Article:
Since retiring as CEO of Microsoft three years ago, Steve Ballmer has moved on to some new projects. He bought an NBA basketball team here in California, the LA Clippers. And he is known for getting very animated during games, I mean, screaming, his face turning beet red.


UNIDENTIFIED SPORTSCASTER: Hey everybody, if you own the team, you can get that excited.

GREENE: Well, sadly for Ballmer, his Clippers were eliminated from the playoffs yesterday. But it does mean that he has more time to focus on his other project, which is a website he's funded called USAFacts. Ballmer created it to satisfy his curiosity about government and how well governments at all levels do their jobs.

Ballmer and a team of researchers created this site. It compiles data, showing where local, federal and state governments get their revenue, where they spend it, what outcomes they get. He told us that he hopes there's real value here.

STEVE BALLMER: I find that when people are building off a common set of facts, they get closer together than they think they might otherwise be.

GREENE: So the site,, has this enormous volume of publicly-available government data. Ballmer and his team wanted the design to be user friendly. And I asked him for an example of how this works.

BALLMER: One of the things that we will show is how much is the mortgage interest deduction worth to people at various income levels? At the same time, you might be interested in saying, I wonder how that looks and correlates with homeownership. We'll also show you the percentage of people who own their home by income quintile.

GREENE: Well, did you learn something about who's benefiting from the mortgage interest deduction?

BALLMER: Yeah. I'll give you a piece of data. So about 4 percent of the total value of the mortgage interest deduction goes to people in the bottom 60 percent by income.

GREENE: So people at the bottom, homeowners are actually not benefiting all that much from being able to deduct their mortgage interest?

BALLMER: Or they're not owning homes, some combination of not owning homes and not getting that much value. And, you know, some people say we're just trying to support homeownership. That's a good thing. We need to provide that incentive. And some people will say hey, look, this should do more to encourage people at the bottom of the income spectrum to buy homes.

So I would say it's interesting context for both sides to form a point of view or all sides, let me say, 'cause this is not just a liberal or conservative issue or a Democrat or Republican issue.

GREENE: Would you indulge me for a second? Because I was playing around with the site. And as a journalist, there was this question on my mind. I had interviewed Stephen Moore, who was an economic adviser to President Trump. He liked that Donald Trump was cutting foreign aid or at least wanted to. And Moore told me this.


STEPHEN MOORE: Foreign aid has been about the biggest waste of money in the federal budget for the last 50 years. There's just zero evidence that any of these foreign aid programs have had any effect on development, whether it's in the Middle East or Africa or South America. And there's just zero evidence that any of that development aid has had any effect on raising the living standards in these countries.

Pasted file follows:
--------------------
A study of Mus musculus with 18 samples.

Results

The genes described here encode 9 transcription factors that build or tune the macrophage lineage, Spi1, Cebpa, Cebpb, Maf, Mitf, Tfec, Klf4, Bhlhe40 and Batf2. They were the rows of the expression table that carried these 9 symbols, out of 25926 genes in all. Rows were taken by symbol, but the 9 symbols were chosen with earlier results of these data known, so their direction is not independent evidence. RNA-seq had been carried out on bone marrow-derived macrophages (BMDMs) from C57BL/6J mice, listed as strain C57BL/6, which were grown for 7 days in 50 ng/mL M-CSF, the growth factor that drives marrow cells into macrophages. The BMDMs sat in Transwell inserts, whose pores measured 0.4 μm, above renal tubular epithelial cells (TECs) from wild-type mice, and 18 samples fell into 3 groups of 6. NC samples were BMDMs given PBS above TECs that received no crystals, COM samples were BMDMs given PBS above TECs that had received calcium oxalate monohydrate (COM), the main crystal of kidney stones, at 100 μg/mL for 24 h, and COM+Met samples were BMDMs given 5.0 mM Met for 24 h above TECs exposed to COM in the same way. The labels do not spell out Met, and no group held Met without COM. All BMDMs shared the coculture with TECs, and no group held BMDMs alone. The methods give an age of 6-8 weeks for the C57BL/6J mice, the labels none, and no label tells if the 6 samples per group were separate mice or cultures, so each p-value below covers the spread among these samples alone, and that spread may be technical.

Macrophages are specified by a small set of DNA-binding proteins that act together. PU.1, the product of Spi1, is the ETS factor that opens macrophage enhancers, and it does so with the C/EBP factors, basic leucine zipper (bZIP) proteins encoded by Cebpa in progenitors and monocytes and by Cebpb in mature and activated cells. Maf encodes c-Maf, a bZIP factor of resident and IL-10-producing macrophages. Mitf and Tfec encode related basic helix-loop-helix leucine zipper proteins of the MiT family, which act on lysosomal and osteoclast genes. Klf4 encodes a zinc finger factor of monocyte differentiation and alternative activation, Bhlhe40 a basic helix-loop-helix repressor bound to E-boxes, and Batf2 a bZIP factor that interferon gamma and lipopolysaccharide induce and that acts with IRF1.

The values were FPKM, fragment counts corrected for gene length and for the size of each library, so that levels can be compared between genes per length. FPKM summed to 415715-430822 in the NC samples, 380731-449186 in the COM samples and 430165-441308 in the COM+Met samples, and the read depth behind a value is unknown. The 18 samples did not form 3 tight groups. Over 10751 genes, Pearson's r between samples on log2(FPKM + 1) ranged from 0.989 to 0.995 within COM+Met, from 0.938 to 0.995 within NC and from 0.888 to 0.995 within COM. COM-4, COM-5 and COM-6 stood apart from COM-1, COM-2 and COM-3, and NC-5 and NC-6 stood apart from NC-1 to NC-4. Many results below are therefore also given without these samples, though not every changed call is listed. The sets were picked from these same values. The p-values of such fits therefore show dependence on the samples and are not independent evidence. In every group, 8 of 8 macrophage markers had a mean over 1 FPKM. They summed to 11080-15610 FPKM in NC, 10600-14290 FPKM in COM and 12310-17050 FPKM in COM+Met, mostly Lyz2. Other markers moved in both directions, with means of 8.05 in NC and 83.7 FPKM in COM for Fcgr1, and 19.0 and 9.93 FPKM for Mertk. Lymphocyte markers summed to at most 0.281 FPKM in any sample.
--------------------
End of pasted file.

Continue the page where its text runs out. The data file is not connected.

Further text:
GREENE: At this moment, is there a way for me to find the answer and fact check what Stephen Moore just said on your website, or are we not there yet?

BALLMER: Well, in terms of impact, very hard to assess. You can find where the money gets spent. And then you can ask, what are the number of objectives that might be met? I'll be silent on the topic. The one thing I'll probably highlight is total foreign aid budget in the United States is about $40 billion. That is a non-trivial number, but government spends 5.4 trillion.

So we're talking, I guess, about less than a tenth of a percent of total government spend is in foreign aid. And a big chunk of that is going into stabilizing areas where we have been involved militarily.

GREENE: I know you're - this is going to be an evolving project. Would there be a time when it might help you go even further and understand impact like on these countries and whether it's raised living standards in these countries?

BALLMER: I would hope so. You know, in each of these areas what we'd really like to eventually get to is a real measurement of outcomes. On some of those areas, I think we do better. We can show you how many jobs there are. We can show you the living standards of people by income quintile and how they spend their money.

Those things look like more real outcomes. When it comes to a topic like providing for the common defense as called out in the preamble of the Constitution, it's a little bit more difficult to assess outcomes. Foreign aid, a little bit more difficult. But we'll keep pushing. That's part of what we need to do if this project's going to achieve maximum value.

GREENE: All right. Steve Ballmer, always a pleasure talking to you. Thanks so much.

BALLMER: Thanks a lot.

GREENE: Steve Ballmer is the former CEO of Microsoft. And he is behind a newly launched website called Transcript provided by NPR, Copyright NPR.